Covering 704,000 acres, the monument is a bit smaller in size than the state of Rhode Island (776, 000 acres).
Herder said his office has been receiving a lot of questions from the public and elected officials about the monument.
He said most of the questions have to do with what is and what is not allowed in the monument boundaries.
The BLM also wants to begin the dialogue of, “how we can move forward and have local officials and those affected, more involved in the mechanics of the resource management planning process.”
Herder said those who have valid existing rights on oil and gas leases on the 140,000 acres that were previously identified, will be allowed to continue current operations or permitted potential developments. “None of those acres,” he said, “are within the boundaries of the monument anyway. But the acres within the monument are now withdrawn from fluid mineral leasing.”
The BLM road maintenance agreement with Lincoln County will remain the same, covering the existing roads and trails that were there before the signing of the monument proclamation last month, and maintenance follows the same existing schedule. Herder said, “Nothing in the proclamation changes the way we do business there in terms of access or maintenance of existing roads.” And BLM is looking at what their options are in the way of rights of ways for access to types of gravel to use, as that might be a source of conflict.
Commission chair Kevin Phillips asked about grazing concerns in the monument. Herder said BLM is at work preparing some grazing alternative ideas based on information gathered from various cattle and sheep ranchers. “They are quite different from one another and we’re in the process of developing an alternative that will work for both sides,” he said. Herder thinks a draft document for public review will be ready by the end of September.
PILT funding is expected to continue as is, Herder said. “Nothing will change in the way PILT calculations are done and no change in those payments are expected.”
Herder said watershed planning in the monument is another key element. “It is a process that not many other BLM offices use, certainly no others in Nevada have used that process.”
County Planning Director Cory Lytle said he thought the way the plans for Cave and Lake Valley have been written are quite good, “somewhat detailed, yet broad enough to be able to get something done.”
Herder said the monument designation will not change that. “The evaluation processes and environmental assessment will remain the same, with the exception that we will now need to consider what potential impacts there might be to the monument objects described in the proclamation.”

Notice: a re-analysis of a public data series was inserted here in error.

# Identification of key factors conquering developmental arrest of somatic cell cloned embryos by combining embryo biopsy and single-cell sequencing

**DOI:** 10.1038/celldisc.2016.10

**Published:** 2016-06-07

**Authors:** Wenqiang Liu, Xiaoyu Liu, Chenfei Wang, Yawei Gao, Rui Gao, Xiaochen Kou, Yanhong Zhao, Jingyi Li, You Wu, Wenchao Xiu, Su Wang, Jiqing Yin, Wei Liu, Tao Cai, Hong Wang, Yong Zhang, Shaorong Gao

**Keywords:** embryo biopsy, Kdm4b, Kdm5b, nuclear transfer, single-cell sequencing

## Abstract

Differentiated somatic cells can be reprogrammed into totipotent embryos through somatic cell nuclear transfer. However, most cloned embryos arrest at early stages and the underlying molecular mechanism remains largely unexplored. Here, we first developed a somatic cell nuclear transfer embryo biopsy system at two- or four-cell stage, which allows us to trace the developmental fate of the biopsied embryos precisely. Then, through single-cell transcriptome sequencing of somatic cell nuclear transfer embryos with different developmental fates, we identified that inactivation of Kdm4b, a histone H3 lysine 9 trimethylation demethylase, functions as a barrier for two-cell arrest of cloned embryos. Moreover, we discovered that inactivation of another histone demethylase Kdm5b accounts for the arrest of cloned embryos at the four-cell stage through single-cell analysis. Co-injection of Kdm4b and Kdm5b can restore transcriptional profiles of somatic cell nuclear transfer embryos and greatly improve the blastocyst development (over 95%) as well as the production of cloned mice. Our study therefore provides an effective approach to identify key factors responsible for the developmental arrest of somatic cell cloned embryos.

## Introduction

He said most of what is described is already part of what is looked at during traditional BLM environmental assessments. “I don’t anticipate anything changing there, nor in our ability to conduct those projects once the planning process is complete.”
When asked what the economic value of the Basin and Range Monument expected to be to Lincoln County, Herder said, most of the draw would be the cultural values, such as the rock art, particularly the Shooting Gallery and White River Narrows, plus viewing the wildlife and what he called the Inland Art Sculpture, which includes Mike Heizer’s massive City sculpture.
Former county commissioner Ronda Hornbeck said it was her understanding Heizer wants to bring people in on busses to view his work, not private cars driving through, and to have an overnight stay in Ely. This is a great concern to her she said, “because it cuts out Lincoln County, maybe just a short break in Alamo for refreshments and that’s all.”
Herder said Alamo is expected to be the hub from people coming from the south to visit the monument. And a small staff of people including a monument manger, a range specialist, an outdoor recreation planner and a cultural resource specialist are expected to be hired, all of whom would work out of the BLM Ely office. There is no monument office per se, being planned.
Commissioner Paul Donohue asked how can Lincoln County be sure that in the future, some stroke of the pen won’t change the existing policies as they are now?
Herder said the best way is to demand to have a seat at the table in the planning process of the BLM Resource Management Plan.
He said, “Current language in the proclamation does call for including everyone who has an interest in the planning process, and that the specific local interests will continue.”
Commissioner Varlin Higbee said “including everyone” needs to mean listening more to the concerns of the local people, even though there are not as as many, as opposed to the larger numbers of people from out of state who have no stake in what is going on with the locals.
Phillips said he is not interested in “anybody who has an interest,” he says what the local people have to say ought to be of first importance. “The weighted impact ought to be viewed by the people who have to deal with it.”
Commissioner Paul Mathews said, “The rights of the grazers who are already there ought to have the most priority, rather than those out of state who have no investment there, yet want to try to start affecting people’s lives and livelihood.”
Higbee said, “Our main source of revenue to the rural counties comes from natural resource based industries, and Lincoln County in particular, needs to be allowed to continue to heavily leverage those resource, yet our county is being made smaller and smaller for those resources.”